Hollywood has long made biblical movies: Cecil B. DeMille’s The Ten Commandments (1956), Charlton Heston in Ben-Hur (1959), and many more. A little research shows that these films were able to achieve success financially in Hollywood, particularly during the 1940s and 50s, but in recent years religious-based movies have proven to be more controversial and not as lucrative.
Christians stay away because the films don’t adhere closely enough to the Bible, while the non-religious can view the films as less entertaining than the latest action flick. Will Darren Aronofsky’s Noah the movie, which stars Russell Crowe and comes during a year of biblical movies, change that trend?
The film has faced a history of difficulties, according to a November 18, 2013, post on iCitations by Alana Joli Abbott, “The Bible in film: Darren Aronofsky and Russell Crowe bring Noah to the big screen,” and the box office will be its latest challenge. Take a look at these critical views of biblical films if you are looking for a good research paper topic in film studies or religion.
Hollywood vs. Christians?
The tales of morality, suffering and sacrifice contained in the Bible would seem to be perfect fodder for the film industry. Yet that has not been the case in Hollywood of late. Biblical movies all too often disappoint Christians’ expectations, and to non-believers, Biblical movies come across as propaganda.
The recent Russell Crowe turn as the Old Testament patriarch in Noah the movie is hoping to change the perception of biblical movies. In “What’s at stake in the ‘Noah’ controversy” posted on Moviefone March 25, 2014, Gary Susman talked about how the film has quickly become a test case for the film industry on whether they “can earn the trust of fundamentalist Christians (and whether it’s worth risking money and controversy even to try.” Susman systematically listed all of the players who have weighed in on whether or not Noah is religious enough.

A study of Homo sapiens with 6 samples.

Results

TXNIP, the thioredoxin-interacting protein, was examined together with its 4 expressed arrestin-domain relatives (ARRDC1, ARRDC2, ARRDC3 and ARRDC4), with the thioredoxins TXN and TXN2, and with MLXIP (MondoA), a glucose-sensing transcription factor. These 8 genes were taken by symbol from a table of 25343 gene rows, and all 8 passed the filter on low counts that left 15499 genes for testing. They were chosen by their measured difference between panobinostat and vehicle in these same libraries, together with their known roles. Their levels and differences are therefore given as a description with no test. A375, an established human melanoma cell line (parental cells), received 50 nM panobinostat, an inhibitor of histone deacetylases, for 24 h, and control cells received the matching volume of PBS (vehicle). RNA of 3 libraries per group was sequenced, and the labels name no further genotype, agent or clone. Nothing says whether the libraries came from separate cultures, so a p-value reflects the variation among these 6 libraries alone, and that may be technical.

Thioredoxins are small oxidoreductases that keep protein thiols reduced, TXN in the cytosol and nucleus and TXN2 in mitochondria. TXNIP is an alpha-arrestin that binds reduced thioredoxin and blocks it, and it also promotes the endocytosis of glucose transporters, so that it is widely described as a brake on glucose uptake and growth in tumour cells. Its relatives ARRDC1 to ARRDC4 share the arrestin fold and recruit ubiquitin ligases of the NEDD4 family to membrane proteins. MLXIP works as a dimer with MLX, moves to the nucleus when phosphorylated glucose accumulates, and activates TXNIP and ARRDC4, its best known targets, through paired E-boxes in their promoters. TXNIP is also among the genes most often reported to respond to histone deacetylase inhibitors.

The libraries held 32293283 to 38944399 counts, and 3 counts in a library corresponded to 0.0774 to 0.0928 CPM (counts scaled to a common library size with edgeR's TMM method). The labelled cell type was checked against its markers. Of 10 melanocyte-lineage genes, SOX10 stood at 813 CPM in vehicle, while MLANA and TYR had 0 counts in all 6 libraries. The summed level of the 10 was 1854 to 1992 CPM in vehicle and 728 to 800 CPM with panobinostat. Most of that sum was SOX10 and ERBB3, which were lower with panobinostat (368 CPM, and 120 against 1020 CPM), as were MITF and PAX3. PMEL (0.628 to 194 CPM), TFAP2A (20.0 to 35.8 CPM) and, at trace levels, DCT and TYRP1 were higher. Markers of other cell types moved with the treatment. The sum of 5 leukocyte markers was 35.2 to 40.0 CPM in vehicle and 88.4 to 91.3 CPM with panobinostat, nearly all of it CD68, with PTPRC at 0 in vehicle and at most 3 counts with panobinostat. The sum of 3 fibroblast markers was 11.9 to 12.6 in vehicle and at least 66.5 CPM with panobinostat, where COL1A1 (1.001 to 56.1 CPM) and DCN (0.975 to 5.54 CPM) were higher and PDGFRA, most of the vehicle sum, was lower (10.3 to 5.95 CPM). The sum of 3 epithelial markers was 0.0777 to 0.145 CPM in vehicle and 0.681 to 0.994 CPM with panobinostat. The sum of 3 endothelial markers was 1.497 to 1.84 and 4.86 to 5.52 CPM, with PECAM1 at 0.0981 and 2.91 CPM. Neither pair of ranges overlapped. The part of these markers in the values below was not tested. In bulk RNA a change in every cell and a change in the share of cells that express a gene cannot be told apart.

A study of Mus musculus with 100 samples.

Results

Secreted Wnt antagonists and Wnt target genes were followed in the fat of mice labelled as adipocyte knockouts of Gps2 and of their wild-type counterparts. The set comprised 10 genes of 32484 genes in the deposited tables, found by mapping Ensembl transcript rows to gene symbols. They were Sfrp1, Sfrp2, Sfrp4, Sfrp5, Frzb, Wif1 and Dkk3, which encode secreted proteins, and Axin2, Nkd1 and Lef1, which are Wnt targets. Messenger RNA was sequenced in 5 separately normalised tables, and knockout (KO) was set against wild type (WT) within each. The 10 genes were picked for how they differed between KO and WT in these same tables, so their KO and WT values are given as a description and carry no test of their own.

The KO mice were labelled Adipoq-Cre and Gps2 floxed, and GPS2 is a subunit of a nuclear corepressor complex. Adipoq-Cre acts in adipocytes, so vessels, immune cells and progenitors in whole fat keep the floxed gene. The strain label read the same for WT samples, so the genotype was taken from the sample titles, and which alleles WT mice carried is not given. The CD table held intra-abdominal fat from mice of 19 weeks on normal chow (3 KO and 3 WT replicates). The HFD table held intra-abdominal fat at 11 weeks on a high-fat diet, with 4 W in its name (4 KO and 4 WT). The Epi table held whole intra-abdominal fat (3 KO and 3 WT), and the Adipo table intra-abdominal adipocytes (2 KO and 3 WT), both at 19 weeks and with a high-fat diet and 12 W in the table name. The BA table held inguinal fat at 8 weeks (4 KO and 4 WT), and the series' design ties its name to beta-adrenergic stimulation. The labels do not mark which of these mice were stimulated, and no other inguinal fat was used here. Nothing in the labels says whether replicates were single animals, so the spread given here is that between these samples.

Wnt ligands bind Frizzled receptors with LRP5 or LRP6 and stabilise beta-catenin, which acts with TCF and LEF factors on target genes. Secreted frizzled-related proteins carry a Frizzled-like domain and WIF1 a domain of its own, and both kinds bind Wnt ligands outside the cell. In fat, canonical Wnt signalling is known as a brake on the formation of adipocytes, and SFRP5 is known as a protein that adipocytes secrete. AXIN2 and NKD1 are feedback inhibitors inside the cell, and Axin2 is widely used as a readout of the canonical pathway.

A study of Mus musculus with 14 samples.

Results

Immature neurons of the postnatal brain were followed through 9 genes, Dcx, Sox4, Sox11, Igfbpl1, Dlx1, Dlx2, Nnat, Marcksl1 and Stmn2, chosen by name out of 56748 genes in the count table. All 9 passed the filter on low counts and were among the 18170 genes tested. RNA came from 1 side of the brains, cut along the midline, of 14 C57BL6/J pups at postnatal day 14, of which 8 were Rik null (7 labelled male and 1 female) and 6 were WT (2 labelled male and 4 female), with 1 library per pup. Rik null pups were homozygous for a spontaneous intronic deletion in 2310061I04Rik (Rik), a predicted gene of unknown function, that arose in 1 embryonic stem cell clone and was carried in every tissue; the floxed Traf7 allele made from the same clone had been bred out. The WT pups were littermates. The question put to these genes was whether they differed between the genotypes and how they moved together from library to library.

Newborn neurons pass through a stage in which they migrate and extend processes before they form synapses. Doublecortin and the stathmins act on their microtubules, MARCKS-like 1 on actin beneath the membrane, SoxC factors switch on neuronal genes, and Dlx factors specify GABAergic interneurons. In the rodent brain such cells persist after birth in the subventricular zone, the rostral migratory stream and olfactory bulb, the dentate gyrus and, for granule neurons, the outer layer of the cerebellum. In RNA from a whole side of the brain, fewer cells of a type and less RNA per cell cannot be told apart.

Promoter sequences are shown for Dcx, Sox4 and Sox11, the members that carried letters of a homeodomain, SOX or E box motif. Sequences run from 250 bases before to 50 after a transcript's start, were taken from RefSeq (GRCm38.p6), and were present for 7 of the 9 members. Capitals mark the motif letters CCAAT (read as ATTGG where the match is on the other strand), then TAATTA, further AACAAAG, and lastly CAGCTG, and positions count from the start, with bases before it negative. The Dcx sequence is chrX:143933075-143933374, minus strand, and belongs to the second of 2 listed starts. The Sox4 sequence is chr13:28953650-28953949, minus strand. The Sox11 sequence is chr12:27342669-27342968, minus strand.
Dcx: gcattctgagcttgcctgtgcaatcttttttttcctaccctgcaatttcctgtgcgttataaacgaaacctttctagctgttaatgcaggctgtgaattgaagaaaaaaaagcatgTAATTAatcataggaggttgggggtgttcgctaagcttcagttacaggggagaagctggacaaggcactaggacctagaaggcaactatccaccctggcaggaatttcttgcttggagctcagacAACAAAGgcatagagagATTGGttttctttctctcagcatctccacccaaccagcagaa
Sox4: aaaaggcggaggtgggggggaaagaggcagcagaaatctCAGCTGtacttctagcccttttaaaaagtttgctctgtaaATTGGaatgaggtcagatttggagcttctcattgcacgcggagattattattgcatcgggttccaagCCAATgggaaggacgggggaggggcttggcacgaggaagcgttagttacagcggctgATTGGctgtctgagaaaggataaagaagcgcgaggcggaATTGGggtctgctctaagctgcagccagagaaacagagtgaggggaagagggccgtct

Hearsay or cultural conversation?
Digging a little deeper and researching the controversy between popular culture and religion shows more of the divide between Hollywood and Christians. According to the director of Noah, Darren Aronofsky, there is much to the story of Noah that many people do not remember from their days in Sunday school.
As the movie moves beyond the basics of Noah building an ark and taking in animals, Christian moviegoers may balk. And even Muslims are upset about the film, because the story of Noah is included in the Koran, and it therefore violates the Islamic law that forbids depicting prophets.
Glenn Whipp discussed how the “Religious tide turns against ‘Noah’” in his March 28, 2014, article for the LA Times. Whipp wrote, “The same people who gripe that Hollywood never makes any faith-based movies are complaining because Hollywood has gone and made a religious movie, albeit one that might not be as literal-minded as they’d like.”
Creating biblical movies
So what is the answer in Hollywood? Should the film industry just walk away from biblical movies? Or is there another answer? Kevin McDermott wrote on June 25, 2013, for the St. Louis Post-Dispatch of one possible solution in “Rick Santorum, in new role at studio, vows faith-based movies will ‘rival Hollywood’.”
The former presidential candidate has taken on a role as CEO of EchoLight Studios, a faith-based film company, and according to McDermott, is asking Christian conservatives to recognize “that modern popular culture is here to stay, and use that platform to produce Christian-themed films that will also have quality and popular appeal.”
Santorum has stressed that quality matters in biblical movies if they want to appeal to non-believers as well. In his opinion, previous efforts failed because they focused mostly on the message and less on the artistic quality of the production.
Ticket sales will soon tell if Noah the movie is able to persuade Christians that it is enough of a biblical movie to warrant their interest. The dollar figures will also indicate if non-believers are convinced that a religious story is action-packed enough to hold their attention.
Should Hollywood try tackling biblical stories? Let us know your thoughts in the comments.